When Rider University, a private university in New Jersey, recently asked students which fast-food restaurant they wanted on campus, administrators left Chick-fil-A off the list because of their anti-LGBTQ policies.
In response, a Chick-fil-A spokesperson told NBC News, “We have no policy of discrimination against any group, and we do not have a political or social agenda,” but this is untrue.
In 2012, the company’s president has publicly espoused “the biblical definition of the family unit” (that marriage is only between a man and a woman). That same year, the company made millions from “Chick-fil-A Appreciation Day,” positioned by anti-gay conservatives as a day to support the company’s anti-gay marriage stance.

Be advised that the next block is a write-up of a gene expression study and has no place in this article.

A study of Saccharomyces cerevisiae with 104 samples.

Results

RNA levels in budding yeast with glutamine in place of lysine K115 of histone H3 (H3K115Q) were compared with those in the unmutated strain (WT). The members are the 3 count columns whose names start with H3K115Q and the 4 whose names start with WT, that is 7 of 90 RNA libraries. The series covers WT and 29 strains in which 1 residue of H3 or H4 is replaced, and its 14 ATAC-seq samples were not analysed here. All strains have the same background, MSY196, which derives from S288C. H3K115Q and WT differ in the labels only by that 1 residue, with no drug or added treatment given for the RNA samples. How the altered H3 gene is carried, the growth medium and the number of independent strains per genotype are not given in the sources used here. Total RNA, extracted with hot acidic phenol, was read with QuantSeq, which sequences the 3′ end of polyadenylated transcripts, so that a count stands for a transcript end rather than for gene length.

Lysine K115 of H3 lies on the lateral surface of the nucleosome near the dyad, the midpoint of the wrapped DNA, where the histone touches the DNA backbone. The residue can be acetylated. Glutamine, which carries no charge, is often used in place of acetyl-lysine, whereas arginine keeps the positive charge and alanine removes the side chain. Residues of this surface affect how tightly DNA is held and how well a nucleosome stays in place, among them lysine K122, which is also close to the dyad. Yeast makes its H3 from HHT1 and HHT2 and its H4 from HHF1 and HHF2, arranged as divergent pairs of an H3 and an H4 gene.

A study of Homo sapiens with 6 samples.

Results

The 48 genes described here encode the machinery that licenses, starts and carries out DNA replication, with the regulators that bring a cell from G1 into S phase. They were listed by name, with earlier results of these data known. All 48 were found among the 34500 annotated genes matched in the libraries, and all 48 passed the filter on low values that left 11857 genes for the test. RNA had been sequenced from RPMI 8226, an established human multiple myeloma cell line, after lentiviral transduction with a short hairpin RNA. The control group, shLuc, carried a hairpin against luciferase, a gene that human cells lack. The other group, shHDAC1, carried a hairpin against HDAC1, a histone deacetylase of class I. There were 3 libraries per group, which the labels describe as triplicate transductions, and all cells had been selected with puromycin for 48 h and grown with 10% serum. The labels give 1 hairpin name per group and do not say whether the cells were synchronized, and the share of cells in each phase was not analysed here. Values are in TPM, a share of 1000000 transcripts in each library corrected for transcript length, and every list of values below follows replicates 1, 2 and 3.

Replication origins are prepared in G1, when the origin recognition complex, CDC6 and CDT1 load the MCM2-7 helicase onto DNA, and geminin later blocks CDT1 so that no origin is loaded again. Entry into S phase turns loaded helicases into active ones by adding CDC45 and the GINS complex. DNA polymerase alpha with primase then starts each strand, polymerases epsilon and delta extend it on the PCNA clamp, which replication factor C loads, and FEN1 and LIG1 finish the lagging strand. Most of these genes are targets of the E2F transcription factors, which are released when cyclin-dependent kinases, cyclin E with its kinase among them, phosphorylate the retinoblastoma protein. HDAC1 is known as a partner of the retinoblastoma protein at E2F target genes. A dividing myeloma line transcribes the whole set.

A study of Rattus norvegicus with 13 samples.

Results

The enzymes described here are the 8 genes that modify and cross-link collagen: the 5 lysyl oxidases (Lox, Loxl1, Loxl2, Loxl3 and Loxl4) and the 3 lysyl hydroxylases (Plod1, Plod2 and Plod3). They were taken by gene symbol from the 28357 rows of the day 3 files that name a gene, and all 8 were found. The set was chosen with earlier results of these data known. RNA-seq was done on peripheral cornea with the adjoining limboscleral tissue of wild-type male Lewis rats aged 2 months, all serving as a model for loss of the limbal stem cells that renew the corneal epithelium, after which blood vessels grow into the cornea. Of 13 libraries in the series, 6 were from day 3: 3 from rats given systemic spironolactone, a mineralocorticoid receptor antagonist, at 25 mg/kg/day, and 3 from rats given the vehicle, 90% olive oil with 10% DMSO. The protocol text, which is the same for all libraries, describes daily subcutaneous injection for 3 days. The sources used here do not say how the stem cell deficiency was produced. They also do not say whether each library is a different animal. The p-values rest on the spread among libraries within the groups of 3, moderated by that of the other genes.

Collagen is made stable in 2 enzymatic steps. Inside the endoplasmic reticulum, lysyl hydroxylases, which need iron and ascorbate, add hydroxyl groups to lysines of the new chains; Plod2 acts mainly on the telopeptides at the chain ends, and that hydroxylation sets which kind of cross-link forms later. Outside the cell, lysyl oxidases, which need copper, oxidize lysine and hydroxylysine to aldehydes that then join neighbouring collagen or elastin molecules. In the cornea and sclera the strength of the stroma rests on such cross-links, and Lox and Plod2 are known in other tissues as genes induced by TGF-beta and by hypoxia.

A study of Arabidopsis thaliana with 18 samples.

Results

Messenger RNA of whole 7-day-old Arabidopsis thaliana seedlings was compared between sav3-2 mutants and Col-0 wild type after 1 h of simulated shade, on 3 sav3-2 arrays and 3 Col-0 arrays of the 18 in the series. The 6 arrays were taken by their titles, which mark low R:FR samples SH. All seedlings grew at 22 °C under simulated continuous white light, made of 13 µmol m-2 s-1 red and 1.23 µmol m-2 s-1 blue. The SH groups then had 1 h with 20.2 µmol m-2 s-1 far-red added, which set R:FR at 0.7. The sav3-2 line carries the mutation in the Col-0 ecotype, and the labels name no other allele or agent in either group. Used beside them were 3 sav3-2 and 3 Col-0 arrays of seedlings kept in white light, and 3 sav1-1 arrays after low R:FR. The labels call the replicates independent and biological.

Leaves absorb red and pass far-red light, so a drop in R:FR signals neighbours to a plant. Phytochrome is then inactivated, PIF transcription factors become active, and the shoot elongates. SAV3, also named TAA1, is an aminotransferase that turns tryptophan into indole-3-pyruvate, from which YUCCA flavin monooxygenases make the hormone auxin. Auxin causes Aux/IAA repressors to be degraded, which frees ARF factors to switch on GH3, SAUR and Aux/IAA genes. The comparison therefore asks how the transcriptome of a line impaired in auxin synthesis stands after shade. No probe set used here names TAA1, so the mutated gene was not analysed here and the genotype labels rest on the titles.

The company’s 2015 tax filings revealed that it had donated $1.4 million to anti-LGBTQ groups, including a youth group that believes child abuse causes homosexuality.
In a public statement, Rider University said, “Chick-fil-A was removed as one of the options based on the company’s record widely perceived to be in opposition to the LGBTQ+ community.”
The statement continued, “That decision required a difficult assessment of competing interests. We sought to be thoughtful and fair in balancing the desire to provide satisfying options for a new on-campus restaurant while also being faithful to our values of inclusion.”
In 2018, Chick-fil-A’s president and chairman Dan Cathy was quietly removed as the keynote speaker at an international economic development conference. In an interview, Cathy once called marriage equality activists “prideful” and “arrogant.”
Canadian citizens recently protested the restaurant opening up franchises in Toronto over its anti-gay politics.
Queerty has reached out to Chick-fil-A to ask if they’ve continued giving to anti-LGBTQ organizations. We’ll update this story if they respond.